The Judge’s Son Who Shelled the Four Courts, 1922

28-30 June 2022 marked the 100th anniversary of the Battle of the Four Courts, the central event of the Irish Civil War, which resulted in severe damage to the original Four Courts building. The image above (via Dublin City Digital Archive) shows the extent of this destruction, which precluded any resumption of legal business on the site until the 1930s.

The extent of involvement of British forces in the Battle of the Four Courts has often been speculated on. The following unattributed newspaper clipping in the archives of Boston College has been kindly forwarded to this site by Killian Woods:


The following information in regard to the actual commencement of hostilities in the present conflict is derived from an absolutely reliable source.

At the last visit Mr Collins paid to London he was ordered back immediately by the British authorities, and it was said that there would be no further conferences held with him until he got the ‘Irregulars’ out of the Four Courts.

The time given him to have that accomplished expired at 12 midnight on June 27.  But as he had not yet made an attempt to get them out, he was allowed another four hours up to 4 am on the 28th.

Failing that, Colonel Boyd – who was in charge of the British military in the Phoenix Park, and who from 12 midnight was in command of a large detachment of troops – infantry and artillery – was to move with his troops against the Republicans in the Four Courts.

These men under Colonel Boyd were under arms from midnight and ready to march at a moment’s notice.

At 3.40 a.m. the ultimatum was sent by T Ennis in the name of ‘the government’ to the Republicans, to evacuate the Four Courts by 4 a.m.  As the Republicans took no notice of this message the Free Staters opened the attack at about 4.05.  This obviated the necessity of Colonel Boyd and his troops doing so.

At 1.30 a.m., the 28th, that is about two hours previous to the attack on the Four Courts, a body of Free State soldiers called to the British military camp in the Phoenix Park and got from the English military two large field pieces, together with shells for them.  These were signed for by ‘General’ Owen O’Duffy.

The Free Staters were bombarding the Four Courts from 24 to 30 hours without doing much material damage to the building; then the Free State officers who had received the two field pieces wired directly to the British government authorities in London accusing the British military in the Phoenix Park of having supplied them with ‘dud’ shells.  The London authorities wired the complaint back to the British authorities in the Phoenix Park.  At once a British officer and two British gunners were despatched from the Park to the Four Courts to examine the shells supplied by them.  On examination it was found that the Free Staters had not fused the shells, ad that, it was pointed out, was the reason why they proved ineffective.

The two British gunners and officers returned immediately to their headquarters in the park and as a result of their statement to the officer in charge there, four British gunners were at once sent back to the Four Courts.  They took over the working of the field pieces which now came to tell with deadly effect on the building and these four British gunners remained in charge of the bombardment until eventually the fortress went into flames on Friday shortly before midday.”

The ‘Colonel Boyd’ referenced above was in fact the son of one of the Four Courts’ best-known figures, Mr Justice Boyd. His obituary, published in the Belfast Newsletter of 5 November 1943, not only corroborates the above report, but goes further and suggests that the Colonel himself, dressed in the uniform of the Free State Army, may have been one of the British officers involved in firing the guns:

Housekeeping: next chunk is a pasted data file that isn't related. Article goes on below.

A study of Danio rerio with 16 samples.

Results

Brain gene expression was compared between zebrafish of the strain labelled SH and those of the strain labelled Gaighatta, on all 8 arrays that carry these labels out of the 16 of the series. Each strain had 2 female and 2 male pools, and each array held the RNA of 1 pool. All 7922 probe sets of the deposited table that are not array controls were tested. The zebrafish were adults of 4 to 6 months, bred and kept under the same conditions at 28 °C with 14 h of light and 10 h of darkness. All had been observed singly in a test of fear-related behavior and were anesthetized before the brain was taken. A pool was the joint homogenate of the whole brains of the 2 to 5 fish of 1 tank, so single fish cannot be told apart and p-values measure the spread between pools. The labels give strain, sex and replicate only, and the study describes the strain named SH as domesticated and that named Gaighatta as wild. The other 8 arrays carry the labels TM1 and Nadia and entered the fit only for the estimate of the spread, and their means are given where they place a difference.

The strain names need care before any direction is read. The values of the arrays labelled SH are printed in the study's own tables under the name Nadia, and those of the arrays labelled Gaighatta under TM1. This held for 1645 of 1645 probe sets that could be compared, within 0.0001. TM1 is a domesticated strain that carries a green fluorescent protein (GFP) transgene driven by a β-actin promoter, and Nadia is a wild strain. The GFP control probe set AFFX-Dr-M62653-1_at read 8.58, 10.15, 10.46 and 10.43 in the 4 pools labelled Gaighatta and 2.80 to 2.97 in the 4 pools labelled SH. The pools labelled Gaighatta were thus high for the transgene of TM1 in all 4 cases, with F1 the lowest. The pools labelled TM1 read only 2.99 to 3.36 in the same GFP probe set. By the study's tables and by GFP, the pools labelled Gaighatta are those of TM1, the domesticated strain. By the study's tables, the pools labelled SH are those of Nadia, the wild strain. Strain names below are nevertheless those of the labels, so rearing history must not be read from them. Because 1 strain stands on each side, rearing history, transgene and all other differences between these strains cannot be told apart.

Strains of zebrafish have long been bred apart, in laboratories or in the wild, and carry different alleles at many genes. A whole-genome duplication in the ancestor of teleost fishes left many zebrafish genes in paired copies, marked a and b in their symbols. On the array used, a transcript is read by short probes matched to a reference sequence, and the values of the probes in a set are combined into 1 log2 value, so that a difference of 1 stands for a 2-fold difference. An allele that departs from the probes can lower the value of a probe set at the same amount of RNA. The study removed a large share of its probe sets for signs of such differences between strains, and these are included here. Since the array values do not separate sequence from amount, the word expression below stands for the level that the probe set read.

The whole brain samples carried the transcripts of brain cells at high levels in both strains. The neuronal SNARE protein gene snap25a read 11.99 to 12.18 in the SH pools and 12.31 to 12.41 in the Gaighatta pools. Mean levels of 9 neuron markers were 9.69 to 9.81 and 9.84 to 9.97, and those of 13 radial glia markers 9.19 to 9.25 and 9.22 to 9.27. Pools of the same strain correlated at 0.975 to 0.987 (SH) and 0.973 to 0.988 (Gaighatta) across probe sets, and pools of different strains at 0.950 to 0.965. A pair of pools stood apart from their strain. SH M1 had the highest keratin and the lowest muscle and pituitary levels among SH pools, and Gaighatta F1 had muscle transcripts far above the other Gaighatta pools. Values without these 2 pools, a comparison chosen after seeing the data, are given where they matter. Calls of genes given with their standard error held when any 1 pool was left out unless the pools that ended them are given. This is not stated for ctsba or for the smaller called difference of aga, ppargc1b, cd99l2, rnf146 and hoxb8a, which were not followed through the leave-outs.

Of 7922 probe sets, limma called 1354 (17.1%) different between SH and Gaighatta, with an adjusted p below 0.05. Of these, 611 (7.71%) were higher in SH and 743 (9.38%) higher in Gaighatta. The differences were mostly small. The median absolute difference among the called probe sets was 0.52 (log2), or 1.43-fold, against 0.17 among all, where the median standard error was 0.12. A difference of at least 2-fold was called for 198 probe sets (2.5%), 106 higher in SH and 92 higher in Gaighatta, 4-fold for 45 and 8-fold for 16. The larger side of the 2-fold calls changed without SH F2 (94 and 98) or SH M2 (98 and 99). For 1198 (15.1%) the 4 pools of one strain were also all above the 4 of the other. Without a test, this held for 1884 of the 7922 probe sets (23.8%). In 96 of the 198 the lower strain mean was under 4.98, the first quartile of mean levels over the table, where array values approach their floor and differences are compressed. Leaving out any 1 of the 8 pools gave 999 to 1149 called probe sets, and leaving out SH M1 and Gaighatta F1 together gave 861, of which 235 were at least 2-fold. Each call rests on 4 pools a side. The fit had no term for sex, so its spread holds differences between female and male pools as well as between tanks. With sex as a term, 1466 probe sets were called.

“Shelled the Four Courts

Lieut-Colonel HA Boyd CMG DSO, whose death is announced, was an officer of the Royal Artillery, with a distinguished record in war and in sport.  The third son of the late Mr Justice Boyd, he is reputed to have had the unique experience of shelling the Four Courts, Dublin, the main scene of his father’s long career.  This episode occurred after the establishment of the Irish Free State, but before then Colonel Boyd was in action on the streets of Dublin when his battery took part in the quelling of the Sinn Fein rebellion of 1916.  He was then Major Boyd, and it so happened that he was among the remnants of the British Forces that were left in Dublin when Michael Collins ‘took over.’ Not long afterwards, Collins had to face a rebellion on the part of some of his former comrades, a gang of whom seized the Four Courts.  This building was shelled by British guns (ostensibly in charge of Free State soldiers) and the story goes that Colonel Boyd was in command, camouflaged as an officer of the new Free State Army.  He was a fine golfer and won the Irish Amateur Championship on several occasions.”

One notable feature of the bombardment was that it left the Chief Justice’s chambers completely undamaged. Colonel Boyd would have been intimately familiar with the layout of the Four Courts. Could this have been his way of paying respect to the judicial regime of which his father had formed part?

Mr Justice Boyd, the Colonel’s father, was, like his son, a man of action – a noted yachtsman, unafraid, where necessary, to take the law into his own hands by apprehending malefactors on the street outside the Kildare Street Club.

A photograph of the Boyd family in its prime, including the youthful Colonel (with pet seagull) may be seen below.

Image of the Boyd family at Howth in the late 19th century, via Whytes

Author: Ruth Cannon BL

Irish barrister sharing the history of the Four Courts, Dublin, Ireland, and other Irish courts.